The International Consortium on Agricultural Biotechnology Research (ICABR)

 


Douglas Gollin
Williams College

Over the past decade or so, the world has entered a new regime with respect to intellectual property rights for crop plants. Courts in the United States have taken the lead in allowing inventors to patent novel life forms, including plant varieties, and have given protection to those who identify new genes or biotechnological processes. New technologies and the accompanying legal protections have dramatically transformed the agricultural research sector. In particular, the relative importance of public and private sector researchers appears to be changing.

There is little evidence yet on the impact of this new legal-technological regime. From an economic standpoint, however, there are reasons to ask whether the new regime is desirable. Economic theory is, at some level, ambivalent on the subject of IPR protections. On the one hand, IPR protections may allow inventors to reap excess rents, and their inventions will in general be used at an inefficiently low level. On the other hand, this distortion is seen as a necessary evil that creates incentives for research and innovation - activities that drive long-term growth and productivity change. Many economists believe that Western systems of intellectual property protection have been important for the unprecedented economic growth achieved in the last two centuries.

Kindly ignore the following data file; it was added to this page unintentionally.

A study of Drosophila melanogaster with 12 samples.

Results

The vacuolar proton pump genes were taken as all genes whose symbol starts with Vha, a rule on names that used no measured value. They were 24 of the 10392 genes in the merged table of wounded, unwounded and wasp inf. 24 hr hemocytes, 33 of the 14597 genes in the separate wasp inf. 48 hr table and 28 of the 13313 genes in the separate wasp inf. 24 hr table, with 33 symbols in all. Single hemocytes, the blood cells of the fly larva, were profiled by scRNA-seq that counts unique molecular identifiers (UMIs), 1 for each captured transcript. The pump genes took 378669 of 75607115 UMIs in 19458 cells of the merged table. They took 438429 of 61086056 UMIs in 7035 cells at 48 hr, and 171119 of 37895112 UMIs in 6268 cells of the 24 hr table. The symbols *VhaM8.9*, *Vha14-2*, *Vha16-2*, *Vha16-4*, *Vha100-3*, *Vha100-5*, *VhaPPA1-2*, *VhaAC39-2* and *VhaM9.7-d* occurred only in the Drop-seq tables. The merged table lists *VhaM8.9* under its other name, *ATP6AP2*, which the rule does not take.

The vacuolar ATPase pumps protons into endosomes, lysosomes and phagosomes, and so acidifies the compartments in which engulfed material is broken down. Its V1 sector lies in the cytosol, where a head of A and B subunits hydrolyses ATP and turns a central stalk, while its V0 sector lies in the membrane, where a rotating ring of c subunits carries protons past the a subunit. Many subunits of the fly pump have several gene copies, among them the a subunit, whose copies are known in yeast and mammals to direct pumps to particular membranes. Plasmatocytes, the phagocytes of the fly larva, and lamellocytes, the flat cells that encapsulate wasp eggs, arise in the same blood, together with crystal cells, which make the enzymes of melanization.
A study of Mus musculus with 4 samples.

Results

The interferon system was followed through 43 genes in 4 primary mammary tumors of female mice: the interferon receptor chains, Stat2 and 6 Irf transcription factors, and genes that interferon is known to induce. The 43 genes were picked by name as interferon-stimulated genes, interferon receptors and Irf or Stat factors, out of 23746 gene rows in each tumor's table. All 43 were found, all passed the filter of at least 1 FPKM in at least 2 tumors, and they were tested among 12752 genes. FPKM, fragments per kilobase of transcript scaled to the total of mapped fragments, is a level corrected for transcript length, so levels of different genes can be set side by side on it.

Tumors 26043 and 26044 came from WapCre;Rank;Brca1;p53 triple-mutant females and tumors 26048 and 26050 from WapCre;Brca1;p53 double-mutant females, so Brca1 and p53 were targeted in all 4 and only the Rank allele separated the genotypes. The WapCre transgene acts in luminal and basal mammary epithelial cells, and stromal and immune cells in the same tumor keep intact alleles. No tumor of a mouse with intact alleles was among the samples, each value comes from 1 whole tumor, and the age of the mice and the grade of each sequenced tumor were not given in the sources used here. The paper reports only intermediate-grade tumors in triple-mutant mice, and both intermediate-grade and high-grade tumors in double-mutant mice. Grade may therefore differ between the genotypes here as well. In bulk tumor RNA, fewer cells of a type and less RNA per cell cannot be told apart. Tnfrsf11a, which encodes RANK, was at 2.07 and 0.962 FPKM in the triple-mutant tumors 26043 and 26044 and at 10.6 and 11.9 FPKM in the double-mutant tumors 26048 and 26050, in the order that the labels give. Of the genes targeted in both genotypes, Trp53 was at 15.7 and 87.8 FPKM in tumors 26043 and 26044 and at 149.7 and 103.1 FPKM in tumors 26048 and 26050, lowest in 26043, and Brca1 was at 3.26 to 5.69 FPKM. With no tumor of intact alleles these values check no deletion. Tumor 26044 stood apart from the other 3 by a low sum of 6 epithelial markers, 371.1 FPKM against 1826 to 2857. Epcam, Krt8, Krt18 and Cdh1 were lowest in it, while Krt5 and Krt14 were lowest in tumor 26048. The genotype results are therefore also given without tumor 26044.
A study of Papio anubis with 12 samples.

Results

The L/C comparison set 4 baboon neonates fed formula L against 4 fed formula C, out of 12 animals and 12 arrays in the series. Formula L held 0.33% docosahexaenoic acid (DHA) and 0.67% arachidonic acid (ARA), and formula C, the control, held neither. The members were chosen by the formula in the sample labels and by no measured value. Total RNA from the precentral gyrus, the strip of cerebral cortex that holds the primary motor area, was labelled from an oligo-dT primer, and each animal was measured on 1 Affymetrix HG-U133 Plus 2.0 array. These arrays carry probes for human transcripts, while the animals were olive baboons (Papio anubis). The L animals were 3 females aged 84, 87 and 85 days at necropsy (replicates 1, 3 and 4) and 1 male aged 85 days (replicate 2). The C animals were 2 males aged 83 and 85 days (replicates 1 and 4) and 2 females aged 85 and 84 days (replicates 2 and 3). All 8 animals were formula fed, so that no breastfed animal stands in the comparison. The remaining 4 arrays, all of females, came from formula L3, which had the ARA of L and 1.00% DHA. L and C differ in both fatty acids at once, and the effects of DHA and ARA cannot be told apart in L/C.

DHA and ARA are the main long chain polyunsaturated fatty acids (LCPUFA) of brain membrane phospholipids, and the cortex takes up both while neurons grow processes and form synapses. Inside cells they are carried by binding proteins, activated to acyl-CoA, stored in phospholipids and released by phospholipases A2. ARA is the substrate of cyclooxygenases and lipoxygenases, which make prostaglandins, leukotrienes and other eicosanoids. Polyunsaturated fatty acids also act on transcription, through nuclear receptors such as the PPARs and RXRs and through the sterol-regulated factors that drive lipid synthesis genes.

Some of the most important research, in terms of economic impacts, has not taken place in the private sector, however. Public sector research has played an important role in generating economic growth, particularly in agriculture. The Green Revolution in rice and wheat yielded huge welfare benefits and contributed significantly to economic growth in East and Southeast Asia. This technological improvement took place largely on the basis of research performed by the public sector, and primarily by international agricultural research centers. In point of fact, it is doubtful that private sector research would ever have spawned the Green Revolution wheat and rice varieties, for reasons implicit in the technology of open-pollinated crop plants.

This paper will focus on the role and value of continued public sector research in rice, and particularly on the economic impact of the international agricultural rice research system. This system is comprised of national and international research centers, which until recently have exchanged genetic material on a relatively unfettered basis. The paper will present evidence on the effectiveness of the current system. It will in particular consider the effectiveness of the current system on the development of new varieties, the diffusion of genetic resources, and the ultimate gains in productivity. The paper will attempt to ask how technological change in rice production will be affected by the new legal and technological regimes.